Acupuncture and Integrative Chinese MedicineFind Balance for Well-Being
You will receive a professionally guided Chinese medicine session and customized recommendations. Treatments and recommendations may include any of the following:
- Herbal medicine
- Nutritional support
- Movement and activity
- Referrals to additional clinicians if needed
- Self-care and lifestyle recommendations to provide you with an integrated treatment plan
According to traditional Chinese medicine (TCM), optimal health is achieved when a relative balance is maintained in the body with the harmonious flow of blood and energy (called “qi”). Conventional medicine refers to this balance as homeostasis. Disease or disequilibrium appears when the balance is disturbed.
Imbalances are common, and can occur in one or more body systems. TCM associates these systems with organ names, such as liver, kidney, lung, and pericardium, whereas conventional medicine refers to these as the circulatory, nervous, musculoskeletal, and endocrine systems. References to organ names in Chinese medicine do not reflect any conventional medicine diagnoses.
Benefits of Treatment
Acupuncture is the most studied component of TCM. It is the act of inserting thin needles into the body to stimulate its innate healing system, often referred to as the “primary healing activity.” This is the same action of healing from small cuts or scrapes and is what a surgeon depends upon for the body’s post-surgery recovery.
During an acupuncture treatment, needles are placed into very specific locations in order to stimulate healing activity and restore balance to the body’s systems.
In 1997, a National Institutes of Health consensus paper showed clear scientific evidence of the benefits of acupuncture. Since then, there have been many randomized controlled trials and studies demonstrating the efficacy of acupuncture.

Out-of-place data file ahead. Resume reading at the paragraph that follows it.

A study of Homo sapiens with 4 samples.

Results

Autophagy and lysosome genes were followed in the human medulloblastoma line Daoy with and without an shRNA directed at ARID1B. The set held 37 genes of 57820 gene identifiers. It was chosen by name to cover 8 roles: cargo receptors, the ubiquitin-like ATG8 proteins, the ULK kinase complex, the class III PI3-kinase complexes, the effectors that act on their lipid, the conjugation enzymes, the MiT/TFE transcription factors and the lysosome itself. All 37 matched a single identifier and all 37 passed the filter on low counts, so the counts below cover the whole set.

Scientific evidence shows that acupuncture is useful for neck pain, back pain, dental pain, arthritis, cancer care, and nausea and vomiting from various causes. Research also suggests benefits for mental health disorders, fibromyalgia, and infertility.
Preparing For Your Visit
Before your visit, please do not brush your tongue. The color and texture of the tongue coating are important diagnostic clues in Chinese medicine. If you habitually brush your tongue to prevent bad breath, discuss this with your practitioner. Persistent bad breath may be a sign of an imbalance.
Have a little food in your stomach. Don’t have a big meal before an acupuncture treatment. It’s best not to have acupuncture on a very empty or very full stomach.
Avoid alcohol, drugs (except recommended prescription medications) and caffeine before and after your treatment.
Wear loose clothing. Loose fitting clothing allows you greater comfort during the treatment and allows your practitioner easier access to acupuncture points.
Avoid vigorous activity two hours before and after an acupuncture treatment.
The Osher Center accepts insurance for service. Please check with your health insurance company to determine if coverage and prior authorization is required by your policy. Our Patient Navigator will provide guidance regarding the fees for each service and your action steps to confirm your insurance coverage and authorization. Out of pocket clinical service fees vary based on each individual’s insurance coverage. A 40 percent discount may be applied for this visit for self-pay patients, not covered by insurance, who pay the day of the appointment.